1. I'm expecting mine tomorrow. Hooray! More minis I will imagine painting and almost certainly not...

     

    (It's funny. I've gotten better about painting minis again, but I don't think I can keep up with my old kickstarter habit.)

    • Haha 2
  2. Talk to the player. This sounds like a player problem, not a you problem.

     

    To provide a little outside perspective, I usually give a player one shot at these sorts of things. If I decide they deserve a second shot, it's usually at a penalty. And a 25% discount is, relatively speaking, huge. I wouldn't give out a discount that good in most circumstances.

     

    You had already been very incredibly nice to the PC before this second attempt to barter came around.


     

    In other words, incentives matter. If you want your players to use a technique, whatever that technique is, you should make sure they do materially better when they use that technique.

     

    Another thing to watch out for: hidden information your players have no way to learn about. On important checks, arbitrarily penalizing players for not knowing information they had no way of getting usually creates acrimony. On less-important checks (say, negotiating with a merchant...) you can provide mild or temporary penalties as a way of making personality traits or backstory especially tangible. If people don't feel like they're being punished for not knowing things they can't know, especially if they get a chance to make things right later, they're usually fine with whatever you as GM are doing.

     

    These are just some things to think about as you progress in your GM abilities. Every GM has their own style and own priorities and own answers to the problems of running a game, and in time you'll figure out which answers you like the best.

     

    =================

     

    This specific case: it sounds like a minor check. Nobody's going to die because you offended the merchant? You provided feedback to the player--this guy really loves his wares--and the other players understood it. The player misread that, or ignored it, and the DC went up. That's how these things usually work. The player rolled and didn't make the check. Is that all accurate?

     

    If so, it sounds like you're 100% in the clear to me. There's not a lot else you could do to make that better.

     

    Sounds like there's a larger problem with the player, though. Bruunwald gives very good advice here--communication is important!

     

    If the bard's player is always this problematic, you should probably sit down with them one-on-one and talk about it. Something to the tune of "Hey, can we talk about the game? I'm human and I'm not going to be perfect. I'm going to make mistakes. But sometimes you're going to fail, and that's by design. You've been arguing with me a lot when things don't go your way, and it's been really distracting to me and the rest of the group. What's going on?" The player might have different table expectations. They might need to learn how to play or get used to not succeeding. (I see this a lot with people who get into the hobby through video games.) They might simply be a jerk. Or there could be something else going on. Not every player is going to be a match for every table and sometimes it's just best that certain players don't play for certain GMs. There's not really any shame in it--I have excused myself from games before where I knew that the GM and I were just not going to work out. Maybe that's what needs to happen in this case?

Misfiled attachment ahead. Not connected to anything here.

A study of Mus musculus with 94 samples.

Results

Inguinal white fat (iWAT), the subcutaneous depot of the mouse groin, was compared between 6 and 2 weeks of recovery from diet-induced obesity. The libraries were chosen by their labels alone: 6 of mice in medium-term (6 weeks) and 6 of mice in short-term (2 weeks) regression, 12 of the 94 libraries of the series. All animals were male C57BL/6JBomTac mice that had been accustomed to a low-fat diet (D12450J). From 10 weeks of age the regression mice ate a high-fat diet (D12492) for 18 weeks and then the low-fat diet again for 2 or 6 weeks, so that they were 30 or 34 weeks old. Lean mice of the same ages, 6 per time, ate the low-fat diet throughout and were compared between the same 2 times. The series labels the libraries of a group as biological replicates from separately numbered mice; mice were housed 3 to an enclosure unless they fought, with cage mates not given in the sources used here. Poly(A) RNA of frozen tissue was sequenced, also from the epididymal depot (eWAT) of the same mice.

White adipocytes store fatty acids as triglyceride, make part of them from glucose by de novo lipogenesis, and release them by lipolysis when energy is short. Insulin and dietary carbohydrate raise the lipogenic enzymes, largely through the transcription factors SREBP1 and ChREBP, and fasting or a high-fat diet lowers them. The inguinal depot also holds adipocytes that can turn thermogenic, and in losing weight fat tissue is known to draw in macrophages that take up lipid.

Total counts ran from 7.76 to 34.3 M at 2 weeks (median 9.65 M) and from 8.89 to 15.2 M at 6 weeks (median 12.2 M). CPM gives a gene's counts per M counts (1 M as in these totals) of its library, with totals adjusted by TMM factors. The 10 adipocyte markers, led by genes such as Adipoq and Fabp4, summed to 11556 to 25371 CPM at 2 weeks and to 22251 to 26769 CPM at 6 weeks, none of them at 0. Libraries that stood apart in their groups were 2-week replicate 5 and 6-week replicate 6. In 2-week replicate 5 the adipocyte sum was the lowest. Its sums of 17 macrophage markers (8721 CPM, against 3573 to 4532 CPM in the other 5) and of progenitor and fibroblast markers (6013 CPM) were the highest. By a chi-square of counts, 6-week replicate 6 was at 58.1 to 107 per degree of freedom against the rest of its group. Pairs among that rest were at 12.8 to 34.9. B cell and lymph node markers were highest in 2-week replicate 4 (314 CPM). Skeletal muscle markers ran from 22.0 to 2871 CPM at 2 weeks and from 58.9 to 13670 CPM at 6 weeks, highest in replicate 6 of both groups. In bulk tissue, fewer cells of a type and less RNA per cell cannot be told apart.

Talking to the player and figuring that out might be better than letting things keep going as they are.

     


     

    My biggest piece of advice is the hardest thing I ever had to learn as a GM: every group is different. Try to figure out what your group enjoys and then make sure you incorporate things that each of your players considers fun. Hopefully there's a lot of overlap across players!

     

    Examples:

    • I love open-world stuff. One of my groups I GM for does, too. Another one hates open-world stuff and likes to be on rails. A perfect campaign for one group would be the worst for the other.
    • Different groups enjoy different levels of risk to their characters. Some groups hate risk. For those groups you might want to do things like provide easier encounters, more XP, or roll behind the screen to avoid exceptionally unlucky things (making 5 saves in a row against a character's ability, ignoring the third crit you've rolled in a row, that sort of thing). Other groups like challenges. For those groups, they tend to be more willing to roll with whatever the dice provide.
    • Some groups really enjoy puzzles. Other groups hate puzzles. Don't get the two mixed up. It can be bad.
    • Some groups will get more out of in-depth roleplay than others. There's a spectrum; try to figure out where your group lies on the spectrum and give them the right amount of roleplay, if you can.

     

    I guess when class registration starts happening for fall, we'll look at our schedule and see if classes--and then flights--can be wrangled into shape.

    • Like 4
  6. I can't speak for Quartet, but I know Expo changed their formula a few years ago. My old bottle cleaned permanent marker off maps and tiles no problem, but a brand-new bottle didn't touch it at all.

     

    Filling my old bottle with rubbing alcohol, it smelled about the same and it worked almost as well as the old formulation. I wouldn't bother buying the newer stuff, though.